With the requisite respect for the sentiments of friends who are sincerely supporting either major party candidate this election, I – along with a fair amount of Americans – feel that this election sucks. I won’t bother to rundown the real-life litany of horrors true of either candidate. But I am exceptionally struck by one pervasive feature of this election cycle that portends misfortune no matter what happens November 8, 2016.
The main argument for either candidate in this election is that they are not the other candidate. If you are a Democrat/Progressive, Hillary Clinton is probably not your ideal choice given her historic fence-straddling tendencies on progressive policies and her blatant disregard for basic good governance practices, among other less-than-seemly misconduct committed by her. She represents the sort of opportunistic centrism with which the left appeared to be exhausted. But Donald Trump represents an existential threat to the nation, and maybe the world, so you are more-than-ok with pulling the lever for her. If you are a Republican/Conservative, Donald Trump is a wild-card, even a dumpster fire. He openly praises individuals who just four short years ago were considered – by Republicans – to be America’s “number one geopolitical foe.” But, conceding that the election is basically Russian roulette, you’d prefer a gun with only a few bullets in the chamber (Donald Trump) than a fully-loaded semi-automatic (Hillary Clinton).
Is this it, seriously? I mean, I know every presidential election year many voters fret about choosing “the lesser of two evils.” But at least in the past, the lesser of two evils was still generally decent and semi-supportable (and I speak as someone who has only ever voted third party for president, i.e., I always found the major party candidates ultimately unsupportable). This election cycle, we are stuck choosing between candidates who reek of deception, corruption, and hubris. Begging pardon from those aforementioned earnest supporters, but only the most blinkered partisan can truly believe that all the negative perceptions of and accusations against the candidate they support are just bogus smears.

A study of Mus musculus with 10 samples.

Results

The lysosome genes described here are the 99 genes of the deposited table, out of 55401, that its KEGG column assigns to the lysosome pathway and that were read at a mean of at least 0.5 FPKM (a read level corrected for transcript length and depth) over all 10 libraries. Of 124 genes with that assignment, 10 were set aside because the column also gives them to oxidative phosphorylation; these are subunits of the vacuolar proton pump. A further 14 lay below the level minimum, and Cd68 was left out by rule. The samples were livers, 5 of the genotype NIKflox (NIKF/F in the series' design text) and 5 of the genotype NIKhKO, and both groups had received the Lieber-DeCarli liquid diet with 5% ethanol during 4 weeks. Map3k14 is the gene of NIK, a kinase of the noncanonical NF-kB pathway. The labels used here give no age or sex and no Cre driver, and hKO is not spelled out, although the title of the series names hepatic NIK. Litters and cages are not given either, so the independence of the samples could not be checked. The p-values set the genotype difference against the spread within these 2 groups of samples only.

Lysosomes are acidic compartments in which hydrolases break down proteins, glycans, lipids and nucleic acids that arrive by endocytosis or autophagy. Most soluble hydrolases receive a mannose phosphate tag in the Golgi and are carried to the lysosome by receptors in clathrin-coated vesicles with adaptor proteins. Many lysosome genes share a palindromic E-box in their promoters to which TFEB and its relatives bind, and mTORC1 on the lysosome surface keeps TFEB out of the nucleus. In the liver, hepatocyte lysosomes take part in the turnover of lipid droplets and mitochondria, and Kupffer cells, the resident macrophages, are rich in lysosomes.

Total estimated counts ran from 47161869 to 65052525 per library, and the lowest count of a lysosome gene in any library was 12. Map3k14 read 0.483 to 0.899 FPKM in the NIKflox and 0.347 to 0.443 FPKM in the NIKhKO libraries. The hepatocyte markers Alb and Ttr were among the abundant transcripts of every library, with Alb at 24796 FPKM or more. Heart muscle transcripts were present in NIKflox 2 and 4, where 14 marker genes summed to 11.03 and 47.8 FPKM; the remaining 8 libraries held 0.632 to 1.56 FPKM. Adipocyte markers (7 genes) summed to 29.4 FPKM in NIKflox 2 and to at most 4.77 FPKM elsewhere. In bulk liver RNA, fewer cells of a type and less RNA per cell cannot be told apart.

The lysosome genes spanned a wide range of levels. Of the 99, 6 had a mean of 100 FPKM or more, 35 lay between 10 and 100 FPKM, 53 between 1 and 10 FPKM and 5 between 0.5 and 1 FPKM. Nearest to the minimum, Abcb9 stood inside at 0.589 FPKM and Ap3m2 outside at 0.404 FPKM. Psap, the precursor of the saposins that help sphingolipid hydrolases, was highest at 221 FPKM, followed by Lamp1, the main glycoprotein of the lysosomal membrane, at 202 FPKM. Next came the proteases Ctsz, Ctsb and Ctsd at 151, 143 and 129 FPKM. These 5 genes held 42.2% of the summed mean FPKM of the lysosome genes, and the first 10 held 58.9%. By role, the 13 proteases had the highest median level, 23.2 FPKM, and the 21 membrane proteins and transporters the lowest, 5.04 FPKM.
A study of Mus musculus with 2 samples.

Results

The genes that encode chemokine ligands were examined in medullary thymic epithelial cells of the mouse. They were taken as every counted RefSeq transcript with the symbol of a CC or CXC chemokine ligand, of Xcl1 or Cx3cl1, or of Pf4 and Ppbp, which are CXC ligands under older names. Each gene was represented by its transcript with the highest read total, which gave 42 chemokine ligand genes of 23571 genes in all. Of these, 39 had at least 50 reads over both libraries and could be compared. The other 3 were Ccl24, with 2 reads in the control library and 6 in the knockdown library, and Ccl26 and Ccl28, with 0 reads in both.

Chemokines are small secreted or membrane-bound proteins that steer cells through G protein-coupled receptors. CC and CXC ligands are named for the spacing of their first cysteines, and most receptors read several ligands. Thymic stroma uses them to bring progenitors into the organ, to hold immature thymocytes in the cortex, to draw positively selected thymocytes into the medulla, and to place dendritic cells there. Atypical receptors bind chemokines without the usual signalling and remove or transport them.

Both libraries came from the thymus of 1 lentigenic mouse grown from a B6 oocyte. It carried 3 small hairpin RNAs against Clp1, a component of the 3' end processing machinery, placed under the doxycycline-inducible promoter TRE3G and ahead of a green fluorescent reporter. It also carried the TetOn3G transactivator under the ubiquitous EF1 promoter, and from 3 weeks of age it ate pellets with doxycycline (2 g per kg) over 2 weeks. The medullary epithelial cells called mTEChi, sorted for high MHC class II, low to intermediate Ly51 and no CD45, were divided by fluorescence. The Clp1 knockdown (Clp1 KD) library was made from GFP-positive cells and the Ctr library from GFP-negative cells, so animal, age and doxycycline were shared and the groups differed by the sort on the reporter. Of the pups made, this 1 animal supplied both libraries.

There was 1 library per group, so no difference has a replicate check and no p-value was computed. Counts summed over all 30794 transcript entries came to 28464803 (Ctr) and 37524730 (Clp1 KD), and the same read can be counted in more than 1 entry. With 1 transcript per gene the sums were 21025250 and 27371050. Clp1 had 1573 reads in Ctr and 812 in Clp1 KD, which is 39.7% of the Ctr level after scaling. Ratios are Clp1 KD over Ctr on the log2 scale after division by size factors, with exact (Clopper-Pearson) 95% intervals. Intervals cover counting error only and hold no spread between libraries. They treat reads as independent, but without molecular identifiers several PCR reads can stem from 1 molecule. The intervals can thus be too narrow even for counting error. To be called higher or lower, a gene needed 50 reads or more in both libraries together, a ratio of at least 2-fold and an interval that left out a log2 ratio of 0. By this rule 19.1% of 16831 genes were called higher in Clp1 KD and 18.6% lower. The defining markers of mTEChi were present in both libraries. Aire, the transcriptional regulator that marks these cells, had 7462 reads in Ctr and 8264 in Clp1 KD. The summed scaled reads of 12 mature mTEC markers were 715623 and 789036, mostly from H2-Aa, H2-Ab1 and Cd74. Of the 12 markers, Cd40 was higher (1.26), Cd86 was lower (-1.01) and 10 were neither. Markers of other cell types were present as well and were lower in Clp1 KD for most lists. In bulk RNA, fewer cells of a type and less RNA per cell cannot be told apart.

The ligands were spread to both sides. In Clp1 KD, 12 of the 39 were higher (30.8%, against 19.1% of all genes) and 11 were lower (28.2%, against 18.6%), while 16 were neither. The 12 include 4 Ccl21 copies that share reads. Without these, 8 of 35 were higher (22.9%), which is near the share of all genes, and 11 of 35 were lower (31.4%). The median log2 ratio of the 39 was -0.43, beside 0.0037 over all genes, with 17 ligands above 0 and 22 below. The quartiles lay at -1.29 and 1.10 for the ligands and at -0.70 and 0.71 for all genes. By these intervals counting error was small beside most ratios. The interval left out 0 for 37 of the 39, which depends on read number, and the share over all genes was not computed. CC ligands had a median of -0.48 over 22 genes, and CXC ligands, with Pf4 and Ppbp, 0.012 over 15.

Worse yet, they are both children. For example. Whether you think Hillary Clinton’s chronic dissembling about her e-mails is overblown or not (I know this might surprise you, but I do not), consider her best defense: Colin Powell told me to do it, and he did it, too. Whether you find Donald Trump’s praising Vladimir Putin to be overblown or not (I know this might surprise you, but I do not), consider his best defense: Obama is just as bad in different ways. The respective candidates’ defenses to fundamental problems about themselves, in essence, is to rule objections categorically out of bounds by shifting blame.
The election has become its own reductio ad absurdum, and America is left to watch the infantile, schoolyard-playground antics of the two major party candidates. Actually, that’s probably an insult to schoolchildren across the country, as they have stronger moral compasses and more developed senses of decency than what we are currently witnessing between the two major party candidates – one of whom, quite regrettably, will almost certainly be elected President this November.